Published by JackLeg Press
I was completely seduced by the story, the recounted life, and the personality of the main character. How does Helen retain control of the central challenge of being Mann’s translator without losing herself in his overwhelming grandeur as a world-famous novelist? Jo Salas captures brilliantly the shifting depths underfoot.
–Adam Thorpe (Ulverton, The Rules of Perspective)
Set in Munich, Oxford, and Princeton, Jo Salas’s new novel Mrs. Lowe-Porter is loosely based on the life of Helen Lowe-Porter, the translator of Thomas Mann and a writer in her own right. It’s the story of a brilliant, ambitious woman’s struggle for her own voice, against convention and the demands of the two male luminaries in her life.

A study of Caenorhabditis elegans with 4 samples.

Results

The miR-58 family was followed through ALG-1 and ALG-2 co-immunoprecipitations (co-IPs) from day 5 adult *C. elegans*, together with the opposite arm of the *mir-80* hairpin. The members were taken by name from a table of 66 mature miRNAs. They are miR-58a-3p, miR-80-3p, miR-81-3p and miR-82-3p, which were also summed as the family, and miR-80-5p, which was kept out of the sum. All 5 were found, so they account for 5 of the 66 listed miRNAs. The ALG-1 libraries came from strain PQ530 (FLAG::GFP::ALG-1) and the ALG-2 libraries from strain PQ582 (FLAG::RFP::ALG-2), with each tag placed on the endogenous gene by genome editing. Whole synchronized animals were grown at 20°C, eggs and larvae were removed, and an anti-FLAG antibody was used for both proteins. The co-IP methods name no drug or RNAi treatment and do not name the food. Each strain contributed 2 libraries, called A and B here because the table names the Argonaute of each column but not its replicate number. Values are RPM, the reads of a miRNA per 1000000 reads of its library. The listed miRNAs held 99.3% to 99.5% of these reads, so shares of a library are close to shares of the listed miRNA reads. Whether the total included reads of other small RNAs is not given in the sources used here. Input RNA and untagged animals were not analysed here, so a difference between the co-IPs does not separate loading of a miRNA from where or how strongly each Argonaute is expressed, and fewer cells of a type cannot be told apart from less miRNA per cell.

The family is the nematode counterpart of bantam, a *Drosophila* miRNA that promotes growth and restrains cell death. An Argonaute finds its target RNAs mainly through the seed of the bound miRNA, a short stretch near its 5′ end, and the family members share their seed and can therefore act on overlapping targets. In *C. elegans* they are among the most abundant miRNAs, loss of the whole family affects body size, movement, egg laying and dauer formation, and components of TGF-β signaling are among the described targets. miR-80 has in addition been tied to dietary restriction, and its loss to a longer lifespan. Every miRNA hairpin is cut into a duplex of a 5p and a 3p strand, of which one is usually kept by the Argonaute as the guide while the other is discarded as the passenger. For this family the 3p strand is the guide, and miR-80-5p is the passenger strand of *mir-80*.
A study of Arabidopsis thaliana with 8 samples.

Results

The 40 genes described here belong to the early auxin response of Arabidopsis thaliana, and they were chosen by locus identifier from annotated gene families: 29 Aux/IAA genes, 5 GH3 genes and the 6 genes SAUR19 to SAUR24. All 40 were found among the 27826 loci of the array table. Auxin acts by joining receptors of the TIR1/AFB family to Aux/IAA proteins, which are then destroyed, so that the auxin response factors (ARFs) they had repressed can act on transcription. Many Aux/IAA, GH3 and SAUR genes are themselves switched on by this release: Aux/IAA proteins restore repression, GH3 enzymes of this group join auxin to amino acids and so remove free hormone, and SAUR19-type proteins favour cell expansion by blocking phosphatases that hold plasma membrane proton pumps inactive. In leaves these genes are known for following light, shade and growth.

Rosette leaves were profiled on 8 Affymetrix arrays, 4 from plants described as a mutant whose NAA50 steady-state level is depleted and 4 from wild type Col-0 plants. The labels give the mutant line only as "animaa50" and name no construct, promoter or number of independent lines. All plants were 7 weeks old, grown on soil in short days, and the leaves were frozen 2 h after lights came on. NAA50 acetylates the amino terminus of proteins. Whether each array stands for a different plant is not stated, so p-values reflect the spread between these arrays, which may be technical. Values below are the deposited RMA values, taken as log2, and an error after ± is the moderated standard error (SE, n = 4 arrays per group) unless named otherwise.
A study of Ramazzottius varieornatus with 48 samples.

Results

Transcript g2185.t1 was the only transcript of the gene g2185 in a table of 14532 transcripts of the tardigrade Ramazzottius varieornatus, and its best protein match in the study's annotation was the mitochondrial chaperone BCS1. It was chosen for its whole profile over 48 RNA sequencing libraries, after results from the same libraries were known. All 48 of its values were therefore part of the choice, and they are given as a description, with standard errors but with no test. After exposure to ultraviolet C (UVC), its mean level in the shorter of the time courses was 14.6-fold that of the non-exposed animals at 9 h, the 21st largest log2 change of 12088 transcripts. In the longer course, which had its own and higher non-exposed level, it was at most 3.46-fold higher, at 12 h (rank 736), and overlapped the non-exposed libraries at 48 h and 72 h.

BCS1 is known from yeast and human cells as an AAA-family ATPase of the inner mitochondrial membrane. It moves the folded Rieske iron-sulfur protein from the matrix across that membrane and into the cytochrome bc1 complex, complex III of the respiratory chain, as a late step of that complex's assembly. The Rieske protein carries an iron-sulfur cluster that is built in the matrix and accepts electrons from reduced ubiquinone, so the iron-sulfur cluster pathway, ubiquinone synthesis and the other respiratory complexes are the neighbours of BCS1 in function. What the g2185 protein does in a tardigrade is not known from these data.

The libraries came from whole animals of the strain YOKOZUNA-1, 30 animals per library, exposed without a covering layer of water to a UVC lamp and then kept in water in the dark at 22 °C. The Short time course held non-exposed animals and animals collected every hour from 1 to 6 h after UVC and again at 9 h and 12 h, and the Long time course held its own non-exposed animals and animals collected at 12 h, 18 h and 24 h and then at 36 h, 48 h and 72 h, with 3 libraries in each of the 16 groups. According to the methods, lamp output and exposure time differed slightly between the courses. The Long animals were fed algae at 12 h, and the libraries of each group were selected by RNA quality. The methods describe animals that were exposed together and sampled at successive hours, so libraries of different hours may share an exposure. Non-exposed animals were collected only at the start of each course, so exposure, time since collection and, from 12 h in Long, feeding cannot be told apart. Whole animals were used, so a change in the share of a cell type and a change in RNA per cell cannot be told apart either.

Helen Lowe-Porter’s translations of the great twentieth century German novelist Thomas Mann bring him acclaim from the English-speaking literary world—and the Nobel Prize. But her elegant, precise, painstaking work is overlooked by readers, ignored or criticized by reviewers. Mann himself complains about having a woman translator and pressures her to work faster. Helen swears that one day she’ll quit this servitude and finally finish her own novel.
Helen is married to the celebrated scholar Elias Lowe who claims the freedom to sleep with other women, citing his excessive “life force.” In love with her husband, Helen dreads but tolerates his romantic encounters. But when he seduces their daughter’s young friend she’s forced to reimagine her own future.